Sunday, March 27, 2016 1:22 PM
I was braver when I was younger—partly because I didn’t know any better, but partly because I didn’t have any choice. I saw life’s objectives passing me by and I felt compelled to throw myself into the fray, dangerous or otherwise. I think that’s where we get the idea we can take ethical short-cuts along the way to our supposed goals—we start by learning to accept suicidally prohibitive risks under a cloud of inexperience and ignorance.
Like most people, I can look back in wonder that I survived my youth, that I actually found someone to share my life with, and that I truly lived to see my children grow up healthy and happy. What are the odds? Astronomical. And I know that, not only with hindsight, but with the experience of a parent who has imagined numberless worst-case scenarios every time one of my kids left my sight.
It’s that whole Schrodinger’s Cat paradox—someone who hadn’t heard of me since the day of my birth would have to figure the probabilities of someone my age being born in my year surviving and thriving sixty years later. Until they heard otherwise, there remains a possibility that I failed in some way. My present existence is a matter of chance, to a large degree—as is everyone else’s. The sudden loss of someone we know always reminds us of this and the shock of that reality, brought home, is as much a blow as the loss we feel.
Why this preoccupation with risk management? Well, I was just looking out the front screen door and I saw a robin sitting on the ground at the bottom of our front stoop. I spoke to it—that usually makes them fly off, if my appearance hasn’t already done so—but it ignored me. Kinda spooky. So I opened the door—a sure-fire bird-fleeing move if there ever was one. The darn thing turned its head upside-down, looked me in the eye, and didn’t budge an inch.
I told it, “Look, the flanking shrubberies have been used to nest before, but you get a lot of foot-traffic past here—it is our front door, after all— location, location, location. I’m not trying to tell you what to do, but you should think it over.” Then it flew away. Small animals often listen to me—I don’t know why. Maybe they like my piano-playing. I wish I could say the same for large animals.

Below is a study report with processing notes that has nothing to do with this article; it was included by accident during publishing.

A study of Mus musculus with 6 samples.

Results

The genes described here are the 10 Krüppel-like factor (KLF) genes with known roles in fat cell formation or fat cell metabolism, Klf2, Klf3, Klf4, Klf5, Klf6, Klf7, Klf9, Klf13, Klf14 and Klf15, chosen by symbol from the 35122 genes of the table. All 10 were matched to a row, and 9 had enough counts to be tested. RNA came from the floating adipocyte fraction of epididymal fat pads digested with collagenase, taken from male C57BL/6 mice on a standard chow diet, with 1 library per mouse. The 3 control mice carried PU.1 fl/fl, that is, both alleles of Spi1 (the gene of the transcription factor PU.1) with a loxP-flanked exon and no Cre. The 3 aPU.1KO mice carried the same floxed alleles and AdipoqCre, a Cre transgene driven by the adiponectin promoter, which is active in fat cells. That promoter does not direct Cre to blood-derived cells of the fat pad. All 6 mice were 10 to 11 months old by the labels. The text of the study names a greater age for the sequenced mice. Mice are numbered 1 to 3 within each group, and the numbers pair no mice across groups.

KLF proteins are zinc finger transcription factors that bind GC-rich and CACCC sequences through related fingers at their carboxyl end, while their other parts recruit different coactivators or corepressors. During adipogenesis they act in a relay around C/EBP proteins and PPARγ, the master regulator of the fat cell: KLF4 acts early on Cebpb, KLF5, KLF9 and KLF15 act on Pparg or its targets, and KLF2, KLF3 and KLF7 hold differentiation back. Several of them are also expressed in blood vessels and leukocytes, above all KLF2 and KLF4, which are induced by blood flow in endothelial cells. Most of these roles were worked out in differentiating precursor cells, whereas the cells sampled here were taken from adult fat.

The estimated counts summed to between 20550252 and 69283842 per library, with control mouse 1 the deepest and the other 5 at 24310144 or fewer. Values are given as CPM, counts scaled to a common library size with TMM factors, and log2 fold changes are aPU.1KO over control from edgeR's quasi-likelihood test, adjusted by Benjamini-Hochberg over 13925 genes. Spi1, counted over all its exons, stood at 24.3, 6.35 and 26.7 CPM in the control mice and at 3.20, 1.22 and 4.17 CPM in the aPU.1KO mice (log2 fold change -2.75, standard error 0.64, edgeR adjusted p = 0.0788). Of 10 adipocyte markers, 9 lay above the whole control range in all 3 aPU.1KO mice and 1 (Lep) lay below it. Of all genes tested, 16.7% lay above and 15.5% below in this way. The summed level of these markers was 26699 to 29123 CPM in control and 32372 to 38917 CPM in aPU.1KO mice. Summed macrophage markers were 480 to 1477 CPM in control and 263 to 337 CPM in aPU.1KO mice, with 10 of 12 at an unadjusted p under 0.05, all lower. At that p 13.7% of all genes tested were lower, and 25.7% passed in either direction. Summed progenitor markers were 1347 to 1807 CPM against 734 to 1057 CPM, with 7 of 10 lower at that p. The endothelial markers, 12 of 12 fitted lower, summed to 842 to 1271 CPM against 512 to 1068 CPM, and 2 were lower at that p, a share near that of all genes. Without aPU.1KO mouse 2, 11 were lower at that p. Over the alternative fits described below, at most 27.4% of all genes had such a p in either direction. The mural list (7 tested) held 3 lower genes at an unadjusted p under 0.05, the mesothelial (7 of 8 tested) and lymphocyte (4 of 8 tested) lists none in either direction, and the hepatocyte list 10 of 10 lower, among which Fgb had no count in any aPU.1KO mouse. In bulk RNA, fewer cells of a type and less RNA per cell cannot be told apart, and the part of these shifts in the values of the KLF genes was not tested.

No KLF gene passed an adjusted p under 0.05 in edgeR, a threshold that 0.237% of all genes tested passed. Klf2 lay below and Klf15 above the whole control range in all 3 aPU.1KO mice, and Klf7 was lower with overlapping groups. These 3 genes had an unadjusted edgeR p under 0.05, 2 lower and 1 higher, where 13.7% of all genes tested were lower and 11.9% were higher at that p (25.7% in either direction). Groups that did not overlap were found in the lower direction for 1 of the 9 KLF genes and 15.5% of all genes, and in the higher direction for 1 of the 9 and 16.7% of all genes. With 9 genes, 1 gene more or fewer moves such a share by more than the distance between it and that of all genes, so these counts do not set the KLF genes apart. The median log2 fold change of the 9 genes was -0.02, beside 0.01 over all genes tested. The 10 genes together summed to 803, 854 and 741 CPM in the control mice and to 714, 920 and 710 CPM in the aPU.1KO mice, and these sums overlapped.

Spring is here, the cruelest month is almost upon us. New life begins its struggle and things get hectic, wild, and spontaneous. I think the worst thing Darwin and the biologists gave us is the knowledge that evolution is only concerned with reproduction. The drones all die after having serviced their queen. The male mantis loses its head as a post-coital snack for the mother-to-be. A sixty-year-old male has about as much purpose as a fish on a bicycle—his own life may be important to him personally but Mother Nature is done with him—and she makes no bones about it.
The idea that people may live longer is hilarious to me—nothing but fear of death wrapped in science. Give me eternal youth and then maybe we can talk—although even being forever fruitful presents certain mathematical difficulties—they’re not making any more real estate, as the saying goes. Plus, parenthood, like puberty, is only glorious in retrospect—few of us would choose to repeat it. Perhaps that makes Christianity more attractive than Buddhism—with reincarnation, you do this all over again—with a Christian soul, you get to go somewhere new and different. But will they have Spring?